Worlds Adrift, A Community-Crafted MMO Featuring Sky-Ships, Has An Early Access Release Date

UK-based developer Bossa Studios has announced that its ambitious sky-ships MMO, Worlds Adrift, is finally coming to PC via Steam Early Access on May 17th, priced at $24.99 USD.

To celebrate the early access release date announcement – which has been more then four years in the making – the developer has also released the above brand-new trailer offering a tiny glimpse into its highly-ambitious project.

Worlds Adrift most notable claim to fame is that it is one of the first games created using Improbable's unique SpatialOS engine, which allows the team to simulate real-world physics featuring thousands of player in real-time “on a scale that has never been achieved before.”

As for the premise of the game, it's quite simple, it's Sea of Thieves in the sky. Okay, maybe that's a bit reductive. Worlds Adrift is mutliplayer game where players build their own skyship, explore a vast world of floating islands, and form a crew to seek the lost history around them.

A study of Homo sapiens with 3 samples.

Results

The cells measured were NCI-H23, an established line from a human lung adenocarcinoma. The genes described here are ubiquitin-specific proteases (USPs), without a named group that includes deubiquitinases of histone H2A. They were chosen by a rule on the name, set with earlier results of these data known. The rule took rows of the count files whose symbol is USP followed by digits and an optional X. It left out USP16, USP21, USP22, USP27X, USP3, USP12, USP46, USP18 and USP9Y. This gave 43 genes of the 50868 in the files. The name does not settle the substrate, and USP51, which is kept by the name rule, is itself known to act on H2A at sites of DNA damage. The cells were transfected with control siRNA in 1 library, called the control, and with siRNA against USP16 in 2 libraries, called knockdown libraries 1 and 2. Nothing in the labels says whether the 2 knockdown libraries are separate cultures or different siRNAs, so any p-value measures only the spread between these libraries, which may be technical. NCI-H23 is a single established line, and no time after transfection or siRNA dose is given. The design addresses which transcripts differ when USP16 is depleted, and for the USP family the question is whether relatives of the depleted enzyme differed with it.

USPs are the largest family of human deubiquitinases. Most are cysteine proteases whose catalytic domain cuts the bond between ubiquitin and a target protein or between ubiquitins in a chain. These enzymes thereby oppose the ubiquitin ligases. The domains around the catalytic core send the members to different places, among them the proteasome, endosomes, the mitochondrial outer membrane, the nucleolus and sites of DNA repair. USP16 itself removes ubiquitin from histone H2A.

A description adds:

“Worlds Adrift is an unscripted, sandbox game with real-time physics, set in a world that is permanently changed by players’ actions. This new breed of MMO is set in a universe that was destroyed by the overmining of its precious levitating mineral, the Atlas stone. All that remains of the planet surface are the thousands of floating islands still rich in the precious mineral and scattered with artifacts from many lost civilizations.”

As you may remember, Worlds Adrift was originally pitched as game with a limitless world powered by procedural generation. However, Bossa Studios has since walked back its original vision, and has instead gone with hand-crafted worlds created by players using the game's free Island Creator tool. As referenced in the title, Worlds Adrift a "community-crafted MMO."


The game is not only Bossa Studios' most ambitious title to date, it will serve as one of the first demonstrations of Improbable's aforementioned technology. Whether it will live up to bill of either of these titles, remains to be seen. It notably already has a relatively robust community that has been playing and aiding in its development the past year in closed testing, so it should arrive on the scene in May with perhaps a bit more polish and fanfare than most early access games.

For more information and media on Worlds Adrift, be sure to check out its official website.